Disclaimer: any specific kid on a specific day may be capable of a wide range of things. Or not capable of things they could do last week. Your knowledge and observations about your kid are a better guide than any number of bloggers or experts.
Kids are sponges for new information. Especially little kids don’t know what’s normal outside what your family does. If you hike and camp, they will think it’s normal. Teach them outdoor skills as you teach them indoor table manners, how to answer the phone, etc. Kids want to be with you, they want to act like adults, they want to help.
Something even the smallest toddlers can do is clear a spot for the tent. Encourage them to help you pick up sticks, pinecones etc. and make a pile. Depending on the kid’s mood, you may get the whole campground cleared. Even if they pick up one stick and play with it while you set up, they’re not making more work for you. If your kid hasn’t slept in a tent in their memory (which for a baby can be last week), have them “unpack” in the tent and get used to it. Boo’s first night in a tent she was awake far too late exploring.
Walkers love to take trips. Trips to the bathrooms, trips to refill water, trips to pay the campground host. I once had 3 kids vying to hold the cap to the water cooler.
As kids get older (and I’m still talking pretty small here) they can help unroll the tent, carry the sleeping pads, bags, and other small things that go into the tent. At some point they’ll be able to put tent poles together, Velcro and clip the rainfly, thread or clip the poles… Boo loves taking the tent down; we chant “Roll it tight! Roll it tight!”
Kitchen help has to start with kitchen safety. I keep the sharp knife in my hand or pocket. We use an alcohol stove, so I started with “Is it lit?” Of course she thought not. I showed her how to feel for heat with the back of her hand*, slowly. We felt by the stove. We felt by the fire ring. We felt by the neighboring fire ring (that I had seen smoking when we were setting up camp). She understood enough that she couldn’t trust her eyes. At three, she stayed as far away as I liked from the stove, and needed to be convinced to get close enough to the fire to cook marshmallows.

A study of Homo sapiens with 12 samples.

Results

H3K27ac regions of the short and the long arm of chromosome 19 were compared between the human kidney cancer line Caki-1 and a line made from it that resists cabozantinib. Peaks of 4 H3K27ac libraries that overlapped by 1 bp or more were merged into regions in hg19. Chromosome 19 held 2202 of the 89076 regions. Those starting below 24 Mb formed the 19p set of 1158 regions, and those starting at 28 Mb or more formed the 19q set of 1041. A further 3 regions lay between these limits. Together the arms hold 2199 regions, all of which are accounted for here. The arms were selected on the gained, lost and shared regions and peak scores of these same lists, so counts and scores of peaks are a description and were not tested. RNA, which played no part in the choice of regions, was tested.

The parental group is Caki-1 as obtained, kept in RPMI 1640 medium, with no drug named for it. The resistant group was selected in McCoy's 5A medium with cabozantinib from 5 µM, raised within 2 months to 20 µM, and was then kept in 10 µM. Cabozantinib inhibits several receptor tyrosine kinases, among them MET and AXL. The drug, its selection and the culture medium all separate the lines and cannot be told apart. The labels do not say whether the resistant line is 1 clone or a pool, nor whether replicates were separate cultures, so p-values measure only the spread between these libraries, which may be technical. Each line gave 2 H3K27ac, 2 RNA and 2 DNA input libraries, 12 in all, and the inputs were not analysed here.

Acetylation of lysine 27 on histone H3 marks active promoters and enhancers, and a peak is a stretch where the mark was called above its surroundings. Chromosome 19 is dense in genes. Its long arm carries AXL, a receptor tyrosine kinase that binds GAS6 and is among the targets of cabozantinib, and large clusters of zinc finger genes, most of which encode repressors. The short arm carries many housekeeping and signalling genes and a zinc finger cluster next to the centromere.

*I learned that trick from a blacksmith. The back of your hand, being less calloused, is somewhat more sensitive to heat than the front. And if you do touch something hot, you clench your fist away from the hot thing instead of around it. And the working surface of your hand isn’t damaged.
Boo’s still not much help in the camp kitchen. If there’s a table, she can set it. She loves the color-coded mess sets we have. She puts garbage in the garbage bag. She sometimes hands the cook the next ingredient. She’s awesome at handing around dessert.
We use a Steripen for water, and she can push the button and hold the pen in the water until it makes a smiley face. She takes this duty very seriously.
All the kids love tying knots. Boo and J spent a good hour putting up clotheslines once. Then fishing lines, then a bow and arrow. J practices knots from his survival guide. Boo works on “Cross, then through the loop.”
What outdoor skills have you taught your kids? What do you want to teach them? What do you wish you had taught them?